Japan is trying to expand its influence to Serbia, the Japan Times is reporting in the wake of Japanese prime minister’s tour of Eastern Europe.
And “the actual motive behind (Shinzo) Abe’s visit to Belgrade had more to do with the close relationship, established over the past five years, between Serbia and China,” Liubomir Topaloff from the Meiji University writes in a commentary published on the newspaper’s website, cited by Beta.
“While the details regarding the respective strategies of both China and Japan in the western Balkans still unclear, the region is a potential battleground for a number of global actors – China, Japan, the EU, and potentially Russia and the United States – seeking to flex their soft power muscles (and perhaps more),” he writes.
According to the article, “the hope is that this competition could prove beneficial for the region, but it also runs the risk of destabilizing the Balkans, and plunging it into greater turmoil.”
The actual motive behind Abe’s visit to Belgrade had more to do with the close relationship, established over the past five years, between Serbia and China, Topaloff said, noting that the country is an important part of Chinese President Xi Jinping’s Belt and Road initiative – “the modern day Silk Road.”
“The initiative envisions a China-dominated network that would reach and connect Asia, Europe, the Mideast, and even parts of Africa, the Americas and Australia into a complex trading system. That vision, if realized, would allow Beijing to increase and spread its global political and economic clout,” he writes.
“Apart from the economic support, Beijing is also reaffirming to Belgrade and its political support, by siding with Serbia against the EU and the United States, and refusing to recognize Kosovo, for example,” states the article, originally published in the Diplomat online magazine.
Tokyo, meanwhile, is “desperate to counter growing Chinese soft power by opening its own purse and extending its political clout to a small Balkan country” – and is s hoping to achieve this “by increasing its diplomatic role in the region, and particularly by wooing Serbia and the other western Balkan states closer to its side.”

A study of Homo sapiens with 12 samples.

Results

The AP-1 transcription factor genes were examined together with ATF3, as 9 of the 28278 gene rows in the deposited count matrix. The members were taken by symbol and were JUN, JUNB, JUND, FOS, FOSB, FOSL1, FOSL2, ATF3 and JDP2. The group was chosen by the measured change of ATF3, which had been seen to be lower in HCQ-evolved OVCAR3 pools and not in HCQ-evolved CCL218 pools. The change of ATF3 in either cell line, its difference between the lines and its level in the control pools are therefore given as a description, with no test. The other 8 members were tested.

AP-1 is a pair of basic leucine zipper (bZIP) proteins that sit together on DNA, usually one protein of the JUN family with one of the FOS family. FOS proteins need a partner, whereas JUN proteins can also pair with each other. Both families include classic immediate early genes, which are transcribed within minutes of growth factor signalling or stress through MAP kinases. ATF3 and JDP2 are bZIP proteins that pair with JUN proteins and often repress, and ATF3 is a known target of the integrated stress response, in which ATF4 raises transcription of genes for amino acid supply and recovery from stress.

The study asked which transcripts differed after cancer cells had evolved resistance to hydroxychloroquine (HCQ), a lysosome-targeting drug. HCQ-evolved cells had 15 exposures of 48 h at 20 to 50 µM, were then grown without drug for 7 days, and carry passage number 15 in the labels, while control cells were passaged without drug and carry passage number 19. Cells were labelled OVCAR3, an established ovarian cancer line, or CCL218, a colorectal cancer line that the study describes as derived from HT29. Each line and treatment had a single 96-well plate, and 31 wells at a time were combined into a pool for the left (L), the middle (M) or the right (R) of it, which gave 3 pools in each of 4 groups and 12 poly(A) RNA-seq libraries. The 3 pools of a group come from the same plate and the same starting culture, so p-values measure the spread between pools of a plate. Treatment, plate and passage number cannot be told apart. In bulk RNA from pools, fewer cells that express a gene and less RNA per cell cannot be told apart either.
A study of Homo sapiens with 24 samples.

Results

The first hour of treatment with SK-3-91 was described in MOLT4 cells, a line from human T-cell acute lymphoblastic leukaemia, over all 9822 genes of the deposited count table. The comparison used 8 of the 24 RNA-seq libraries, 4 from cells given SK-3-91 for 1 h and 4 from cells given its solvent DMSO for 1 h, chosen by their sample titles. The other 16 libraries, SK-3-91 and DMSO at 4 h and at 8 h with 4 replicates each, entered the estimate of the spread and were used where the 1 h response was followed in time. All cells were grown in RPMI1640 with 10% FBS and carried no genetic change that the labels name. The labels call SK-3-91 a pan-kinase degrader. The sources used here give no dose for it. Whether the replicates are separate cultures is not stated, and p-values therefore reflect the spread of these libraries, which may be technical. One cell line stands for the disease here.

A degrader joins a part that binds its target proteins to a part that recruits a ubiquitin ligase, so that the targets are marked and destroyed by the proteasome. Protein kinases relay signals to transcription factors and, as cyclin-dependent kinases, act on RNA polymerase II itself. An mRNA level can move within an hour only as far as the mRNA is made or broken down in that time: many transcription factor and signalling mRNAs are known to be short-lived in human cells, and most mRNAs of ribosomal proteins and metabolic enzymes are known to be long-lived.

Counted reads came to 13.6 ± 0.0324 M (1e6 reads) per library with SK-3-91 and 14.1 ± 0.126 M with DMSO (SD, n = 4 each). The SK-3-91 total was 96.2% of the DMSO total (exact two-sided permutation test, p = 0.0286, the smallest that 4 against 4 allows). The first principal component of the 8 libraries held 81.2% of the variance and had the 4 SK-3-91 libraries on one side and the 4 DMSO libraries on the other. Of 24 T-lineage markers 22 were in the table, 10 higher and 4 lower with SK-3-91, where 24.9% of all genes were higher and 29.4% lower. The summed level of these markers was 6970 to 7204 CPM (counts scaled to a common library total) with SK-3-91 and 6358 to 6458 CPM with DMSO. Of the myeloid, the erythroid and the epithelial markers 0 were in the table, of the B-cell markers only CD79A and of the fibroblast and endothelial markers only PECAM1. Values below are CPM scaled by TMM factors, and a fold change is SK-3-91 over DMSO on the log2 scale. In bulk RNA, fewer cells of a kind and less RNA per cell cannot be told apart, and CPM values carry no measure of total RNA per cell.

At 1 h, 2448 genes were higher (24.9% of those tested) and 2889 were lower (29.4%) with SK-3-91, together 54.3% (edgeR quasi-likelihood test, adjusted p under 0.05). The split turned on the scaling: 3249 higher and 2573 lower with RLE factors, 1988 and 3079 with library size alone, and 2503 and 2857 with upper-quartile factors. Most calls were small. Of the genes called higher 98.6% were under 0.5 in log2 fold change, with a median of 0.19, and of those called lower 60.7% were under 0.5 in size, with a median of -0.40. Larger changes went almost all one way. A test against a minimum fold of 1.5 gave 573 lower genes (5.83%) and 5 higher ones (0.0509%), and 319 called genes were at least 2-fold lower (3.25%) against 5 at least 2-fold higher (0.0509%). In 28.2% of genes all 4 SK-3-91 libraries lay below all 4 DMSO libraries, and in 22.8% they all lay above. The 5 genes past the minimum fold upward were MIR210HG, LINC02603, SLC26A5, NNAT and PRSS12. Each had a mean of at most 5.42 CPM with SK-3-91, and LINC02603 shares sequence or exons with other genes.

“In that context, while in Serbia, Abe proposed a ‘Western Balkans Cooperation Initiative’, part of which provides for Japan to appoint a special ambassador in charge of the western Balkans at the Foreign Ministry. Abe also offered to advocate for Serbia in front of the EU for speeding up the accession process,” writes the author.
More Serbians now believe, he continues, that joining the EU will be bad for the country, “and only a small number of dreamers believe that this will happen by 2025.”
Japan’s prime minister, meanwhile, supports Serbia’s accelerated EU accession.
“Out of the six stops Abe made on this trip, his visit to Serbia deserves a special attention,” Topaloff writes, and adds:
Serbia is the only non-EU member state on Abe’s latest tour, and stands out from the rest for a number of reasons. First, because unlike the other five countries, which were hosting the first visits by a Japanese prime minister, Serbia has been visited before, albeit 30-plus years ago, when Yugoslavia was still a reality. In that sense, Abe’s visit to Belgrade was not like his visit to the other five states, but more of an attempt to revitalize old connections.”